Certainly, that was the case when I arrived in the bankrupt, dirty, dressed-down New York of the late 1970s. But the blazing energy of aspiration I felt from the movie was still there — cruder, perhaps, but equally exciting. And more than a few of the people I befriended turned out to be “Eve”-ophiles, as well.
We quote lines from it to one another. The most famous is Margo’s warning at the start of her party: “Fasten your seatbelt. It’s going to be a bumpy night.” But my favorite is Addison’s put-down of an overwrought Eve: “You’re too short for that gesture.”
Since I rarely fraternize with theater people, my life as a critic has seldom delivered those urbane, exquisitely timed moments that might have come from “All About Eve.” So I cherish the few that do. Several years ago, for example, I attended a Park Avenue dinner party where I found myself seated next to a well-lubricated, bejeweled woman who was going on about how insufferable a recent, starry production of “Othello” had been, one that I had praised lavishly.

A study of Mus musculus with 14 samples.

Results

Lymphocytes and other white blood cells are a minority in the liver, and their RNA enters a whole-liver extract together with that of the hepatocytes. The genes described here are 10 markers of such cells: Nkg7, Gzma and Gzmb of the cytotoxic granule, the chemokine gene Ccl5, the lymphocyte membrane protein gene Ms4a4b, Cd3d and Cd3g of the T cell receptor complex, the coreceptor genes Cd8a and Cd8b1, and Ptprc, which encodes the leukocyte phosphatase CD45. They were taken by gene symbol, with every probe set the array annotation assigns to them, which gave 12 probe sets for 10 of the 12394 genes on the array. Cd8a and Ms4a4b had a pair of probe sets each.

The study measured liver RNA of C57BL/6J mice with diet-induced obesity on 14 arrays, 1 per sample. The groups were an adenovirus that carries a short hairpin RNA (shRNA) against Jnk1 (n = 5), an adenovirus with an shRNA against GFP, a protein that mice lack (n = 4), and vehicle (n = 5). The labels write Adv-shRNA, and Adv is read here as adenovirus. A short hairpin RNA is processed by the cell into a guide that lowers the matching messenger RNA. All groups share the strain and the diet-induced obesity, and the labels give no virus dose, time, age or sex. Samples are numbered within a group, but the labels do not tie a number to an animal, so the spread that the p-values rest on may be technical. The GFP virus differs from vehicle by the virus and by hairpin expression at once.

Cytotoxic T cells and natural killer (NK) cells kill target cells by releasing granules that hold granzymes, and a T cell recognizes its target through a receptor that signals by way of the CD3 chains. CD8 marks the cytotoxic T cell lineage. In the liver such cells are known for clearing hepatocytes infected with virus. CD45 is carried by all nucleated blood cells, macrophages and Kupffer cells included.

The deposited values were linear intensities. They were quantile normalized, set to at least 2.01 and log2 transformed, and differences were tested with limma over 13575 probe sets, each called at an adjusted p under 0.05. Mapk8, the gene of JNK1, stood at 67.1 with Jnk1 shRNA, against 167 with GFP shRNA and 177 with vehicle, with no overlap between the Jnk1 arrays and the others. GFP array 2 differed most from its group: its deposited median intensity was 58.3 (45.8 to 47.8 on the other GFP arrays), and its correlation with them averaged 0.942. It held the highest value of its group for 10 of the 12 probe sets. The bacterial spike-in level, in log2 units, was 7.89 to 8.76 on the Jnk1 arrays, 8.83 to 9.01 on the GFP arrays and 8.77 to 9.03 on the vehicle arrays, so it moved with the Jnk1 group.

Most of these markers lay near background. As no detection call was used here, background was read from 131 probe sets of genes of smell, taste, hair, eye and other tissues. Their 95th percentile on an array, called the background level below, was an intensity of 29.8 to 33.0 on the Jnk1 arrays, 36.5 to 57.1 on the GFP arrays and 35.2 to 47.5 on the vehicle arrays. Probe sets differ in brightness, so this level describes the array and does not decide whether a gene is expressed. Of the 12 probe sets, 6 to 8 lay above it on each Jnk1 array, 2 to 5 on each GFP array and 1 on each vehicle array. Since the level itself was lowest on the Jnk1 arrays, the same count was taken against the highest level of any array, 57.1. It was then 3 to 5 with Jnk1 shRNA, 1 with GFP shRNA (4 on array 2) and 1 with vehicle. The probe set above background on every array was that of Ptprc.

Though we had been introduced earlier, she evidently hadn’t caught my name, because she ended her tirade by saying, presumably in reference to The Times’s rave, “What happened to Ben Brantley?” I responded by turning my place card to her. She didn’t miss a beat. “I admire you so much,” she said, with a tremolo.
Best of all was the time, 12 years ago, when I reviewed Patti LuPone on Broadway as Mama Rose in a revival of “Gypsy.” I had been less than enthusiastic about her in the part in an earlier concert version. But she was fabulous this time around. In my review I wrote, “And yes, that quiet crunching sound you hear is me eating my hat.”
The next day a big, beribboned, circular box arrived in my office. Inside was an immense chocolate cowboy hat. The note from LuPone read, “I hope you’re laughing.”
Was she kidding? That was a gift — and a gesture — worthy of Margo Channing. And for a few enchanted moments, I belonged entirely to the radiant, impossible landscape of “All About Eve.”